As KING 5 marks 70 years of broadcasting, we look back on a time when rumors and myths were swirling around a frightening new virus, which was killing people.
Some newsrooms were reluctant to talk about HIV and AIDS, but not KING 5.
In 1985, the station went on air with a documentary called Living with Aids. Anchor Jean Enersen set out to understand what was known about HIV and AIDS to dispel myths.
The next year, what was then the Seattle-King County Department of Public Health sent a letter to KING 5, thanking the station for its decision to run the documentary, as well as public service announcements, something other stations would not do.
"KING has led the local electronic media in its contribution to control of both the AIDS epidemic and the resulting public hysteria," the letter said.
“In the early days, everyone was scratching their heads wondering what's happening here. It was very scary,” said Dr. Robert Wood, who signed the letter to KING 5.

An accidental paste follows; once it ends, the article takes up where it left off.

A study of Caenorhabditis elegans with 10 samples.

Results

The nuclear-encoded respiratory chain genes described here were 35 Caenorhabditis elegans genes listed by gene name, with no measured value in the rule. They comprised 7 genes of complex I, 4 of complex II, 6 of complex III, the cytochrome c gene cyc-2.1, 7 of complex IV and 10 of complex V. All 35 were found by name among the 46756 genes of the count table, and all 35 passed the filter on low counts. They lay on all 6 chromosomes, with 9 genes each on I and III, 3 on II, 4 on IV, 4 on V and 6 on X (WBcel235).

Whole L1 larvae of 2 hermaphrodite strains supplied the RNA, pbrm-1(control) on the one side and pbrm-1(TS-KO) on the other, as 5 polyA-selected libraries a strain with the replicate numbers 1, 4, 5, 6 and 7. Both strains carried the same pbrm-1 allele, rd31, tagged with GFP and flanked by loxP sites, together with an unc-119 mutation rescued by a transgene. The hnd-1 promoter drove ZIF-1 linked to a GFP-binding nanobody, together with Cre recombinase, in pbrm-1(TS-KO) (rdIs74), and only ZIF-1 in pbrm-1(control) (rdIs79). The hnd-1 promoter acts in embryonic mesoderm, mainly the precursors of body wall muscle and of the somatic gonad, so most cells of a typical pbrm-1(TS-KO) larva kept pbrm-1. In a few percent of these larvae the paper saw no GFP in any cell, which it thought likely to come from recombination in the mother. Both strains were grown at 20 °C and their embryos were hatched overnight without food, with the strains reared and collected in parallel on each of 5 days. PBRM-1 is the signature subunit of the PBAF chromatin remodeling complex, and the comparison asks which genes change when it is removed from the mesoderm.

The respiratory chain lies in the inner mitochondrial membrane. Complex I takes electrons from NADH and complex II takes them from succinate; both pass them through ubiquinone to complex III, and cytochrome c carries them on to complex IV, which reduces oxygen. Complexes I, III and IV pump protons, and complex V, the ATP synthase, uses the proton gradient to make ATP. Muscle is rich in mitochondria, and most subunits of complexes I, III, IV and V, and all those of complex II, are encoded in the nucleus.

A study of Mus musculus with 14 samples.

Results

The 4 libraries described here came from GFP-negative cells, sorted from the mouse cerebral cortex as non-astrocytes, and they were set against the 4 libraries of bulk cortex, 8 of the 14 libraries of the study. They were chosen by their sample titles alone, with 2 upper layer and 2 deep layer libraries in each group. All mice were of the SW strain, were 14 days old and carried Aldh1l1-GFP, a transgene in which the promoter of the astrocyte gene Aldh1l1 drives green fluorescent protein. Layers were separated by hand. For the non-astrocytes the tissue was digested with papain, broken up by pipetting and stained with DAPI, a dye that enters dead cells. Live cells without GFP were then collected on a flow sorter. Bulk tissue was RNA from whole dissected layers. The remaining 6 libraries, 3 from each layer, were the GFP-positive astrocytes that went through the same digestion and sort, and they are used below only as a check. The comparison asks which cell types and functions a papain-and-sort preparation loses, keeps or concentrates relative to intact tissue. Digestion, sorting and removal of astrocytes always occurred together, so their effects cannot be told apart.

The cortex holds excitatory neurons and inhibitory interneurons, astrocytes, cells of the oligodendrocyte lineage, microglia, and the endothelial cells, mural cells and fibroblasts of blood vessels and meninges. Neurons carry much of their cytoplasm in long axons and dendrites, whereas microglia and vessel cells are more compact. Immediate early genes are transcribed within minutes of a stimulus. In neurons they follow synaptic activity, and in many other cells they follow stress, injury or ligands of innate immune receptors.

Wood is now retired and living in Seattle. He was director of the AIDS project in 1985 and was featured in the KING documentary.
“There was I think a lot of media concern about talking about the populations at risk because they were stigmatized and pariahs. They were gay men, and they were IV drug users,” he said.
A KING 5 poll from 1985 showed there was plenty of misinformation swirling. Sixteen percent of respondents worried they might get AIDS from eating at a restaurant, 14 percent said they avoided restaurants for that reason, 24 percent worried about working with someone who has AIDS, and 29 percent feared they would get AIDS if they used a public restroom.
The station's reporting cut through the rumors.
“The AIDS virus is carried in body fluids. It is not spread by casual contact,” Enersen said in her report. “Not in a restaurant, not in a restroom, and not in the office.”
A lot has changed since then. There's now a pill to prevent HIV transmission, and those who have the virus are living longer lives thanks to advances in treatment.
But there's still a lot of work ahead. Nearly a million people around the globe died from AIDS in 2017.
If Wood were to write a headline in 2018, it would be this:
“HIV and AIDS are still major problems,” he said.